UNITED NATIONS, 2 August 2012 - Projects from Australia, Bangladesh, Colombia, India, and Kenya that inspired and galvanized environmental action are the winners of this year's World Environment Day Challenge, the United Nations announced today.
The UN Environment Programme (UNEP) challenged people across the world to pledge an environmental activity for the chance to win a Kia Motors fuel-efficient car in connection with this year's World Environment Day, which was observed on 5 June.
'Today we celebrate five inspiring projects, submitted for the World Environment Day 2012 challenge, that illuminate the pathway to a transition to a green economy,' said UNEP's Executive Director, Achim Steiner.
'The most environmentally friendly travel is by train, bus, carpooling, cycle or on foot, but in some countries making an eco-friendly project happen may need a private vehicle. If so, it should be fuel-efficient,' he added. 'This is why we are awarding such vehicles to these projects, most of which are run in developing nations with underdeveloped public transport networks.'
Among the winners is Fundacion Ecoprogreso, a group in Colombia that works to protect a mangrove lagoon surrounding the city of Cartagena, organized activities for the Day to raise awareness of the importance of the mangrove ecosystem for the local green economy, especially for ecotourism and sustainable fishing.
Maji Mazuri Centre International, located in Nairobi, runs an initiative called Green Heroes, in which youth focus on organizing and improving waste management in the Kenyan capital's informal Mathare settlement. Among its events for World Environment Day were a communal clean-up day and a football match that galvanized over 2,000 people.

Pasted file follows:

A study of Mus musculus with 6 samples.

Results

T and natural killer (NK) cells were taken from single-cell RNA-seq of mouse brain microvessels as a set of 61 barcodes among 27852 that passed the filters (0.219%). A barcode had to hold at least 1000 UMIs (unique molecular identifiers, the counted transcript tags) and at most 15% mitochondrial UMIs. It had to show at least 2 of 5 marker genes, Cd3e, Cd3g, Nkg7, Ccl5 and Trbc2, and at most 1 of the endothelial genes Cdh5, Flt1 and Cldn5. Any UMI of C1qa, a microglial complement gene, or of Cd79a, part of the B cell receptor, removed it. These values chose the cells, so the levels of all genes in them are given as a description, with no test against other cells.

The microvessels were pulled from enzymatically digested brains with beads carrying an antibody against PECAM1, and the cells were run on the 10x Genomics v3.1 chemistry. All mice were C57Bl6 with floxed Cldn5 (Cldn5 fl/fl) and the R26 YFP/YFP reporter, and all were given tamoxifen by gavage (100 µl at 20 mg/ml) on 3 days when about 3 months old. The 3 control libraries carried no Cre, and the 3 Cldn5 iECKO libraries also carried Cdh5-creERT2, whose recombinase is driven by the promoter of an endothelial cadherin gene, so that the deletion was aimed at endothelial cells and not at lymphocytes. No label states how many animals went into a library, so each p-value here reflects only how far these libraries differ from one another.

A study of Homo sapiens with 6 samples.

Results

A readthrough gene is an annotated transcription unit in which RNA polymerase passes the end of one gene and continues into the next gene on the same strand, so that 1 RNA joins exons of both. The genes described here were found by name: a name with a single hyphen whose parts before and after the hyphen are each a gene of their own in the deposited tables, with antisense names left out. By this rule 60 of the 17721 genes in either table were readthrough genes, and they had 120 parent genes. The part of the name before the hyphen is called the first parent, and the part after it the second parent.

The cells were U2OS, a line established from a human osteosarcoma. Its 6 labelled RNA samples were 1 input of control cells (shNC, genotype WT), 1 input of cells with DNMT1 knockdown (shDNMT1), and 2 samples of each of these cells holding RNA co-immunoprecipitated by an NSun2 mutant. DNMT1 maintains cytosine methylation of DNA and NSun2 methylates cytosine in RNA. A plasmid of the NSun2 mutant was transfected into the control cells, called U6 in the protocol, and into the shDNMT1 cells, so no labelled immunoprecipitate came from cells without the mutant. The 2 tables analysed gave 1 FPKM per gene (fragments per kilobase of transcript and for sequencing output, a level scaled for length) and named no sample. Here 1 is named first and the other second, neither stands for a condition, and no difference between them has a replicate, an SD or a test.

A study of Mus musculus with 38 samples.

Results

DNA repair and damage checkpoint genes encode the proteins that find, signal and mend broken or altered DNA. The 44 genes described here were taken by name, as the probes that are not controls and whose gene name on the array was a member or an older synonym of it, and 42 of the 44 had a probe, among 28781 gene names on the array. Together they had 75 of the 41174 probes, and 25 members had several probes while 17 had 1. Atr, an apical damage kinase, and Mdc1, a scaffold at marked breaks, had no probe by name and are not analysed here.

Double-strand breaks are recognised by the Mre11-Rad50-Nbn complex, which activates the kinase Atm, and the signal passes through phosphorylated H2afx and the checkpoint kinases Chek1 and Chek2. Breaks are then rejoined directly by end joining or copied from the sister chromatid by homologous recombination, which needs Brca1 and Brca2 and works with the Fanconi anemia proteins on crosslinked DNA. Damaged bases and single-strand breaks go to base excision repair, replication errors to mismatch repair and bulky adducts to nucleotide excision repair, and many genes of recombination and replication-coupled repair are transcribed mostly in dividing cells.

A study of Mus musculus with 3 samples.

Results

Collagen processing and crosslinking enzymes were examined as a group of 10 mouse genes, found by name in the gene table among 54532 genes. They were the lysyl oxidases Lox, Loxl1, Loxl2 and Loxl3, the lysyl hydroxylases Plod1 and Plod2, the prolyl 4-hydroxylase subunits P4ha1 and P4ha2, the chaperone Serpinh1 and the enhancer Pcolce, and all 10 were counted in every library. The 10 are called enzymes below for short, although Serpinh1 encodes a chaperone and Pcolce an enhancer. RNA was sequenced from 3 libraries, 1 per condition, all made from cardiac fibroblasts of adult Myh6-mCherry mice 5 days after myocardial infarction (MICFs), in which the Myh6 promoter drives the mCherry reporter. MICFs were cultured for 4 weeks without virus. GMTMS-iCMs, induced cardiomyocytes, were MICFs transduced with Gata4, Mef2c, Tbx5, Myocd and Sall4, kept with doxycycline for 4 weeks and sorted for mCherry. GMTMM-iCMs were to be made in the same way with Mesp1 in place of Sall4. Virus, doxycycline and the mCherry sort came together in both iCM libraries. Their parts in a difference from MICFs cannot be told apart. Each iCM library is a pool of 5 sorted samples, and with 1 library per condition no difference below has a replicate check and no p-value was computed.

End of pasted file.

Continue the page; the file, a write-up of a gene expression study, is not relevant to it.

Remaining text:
On Australia's Sunshine Coast, the World Environment Day Festival is held annually to raise awareness of environmental issues and the unique flora and fauna of the region, as well as promote the adoption of sustainable lifestyles and technologies. It is organized by the Sunshine Coast Environment Council, another winner of this year's challenge.
A Bangladeshi non-profit organization, Shidhulai Swanirvar Sangstha, celebrated the Day through a solar-powered boat rally, a drawing competition on floating schools, an essay-writing competition on floating libraries, an exhibition on a two-tier boat and evening shows of training boats under the theme—'The Green Economy in a Changing Climate—Hope Floats.'
The fifth winner, Hand in Hand India, a development organization in the southern city of Chennai, brought together over 500 volunteers to create a colourful 10,000 square foot Rangoli carpet depicting 10 environmental themes. Rangoli is a hand-drawn Indian art which adorns the courtyards of many houses.
Observance of World Environment Day began in 1972 as a way to raise awareness of the environment and encourage political attention and action. This year's theme for the Day—'Green Economy: Does it include you?'—sought to underscore the need for everyone to play a part in keeping humankind's ecological footprints within planetary boundaries.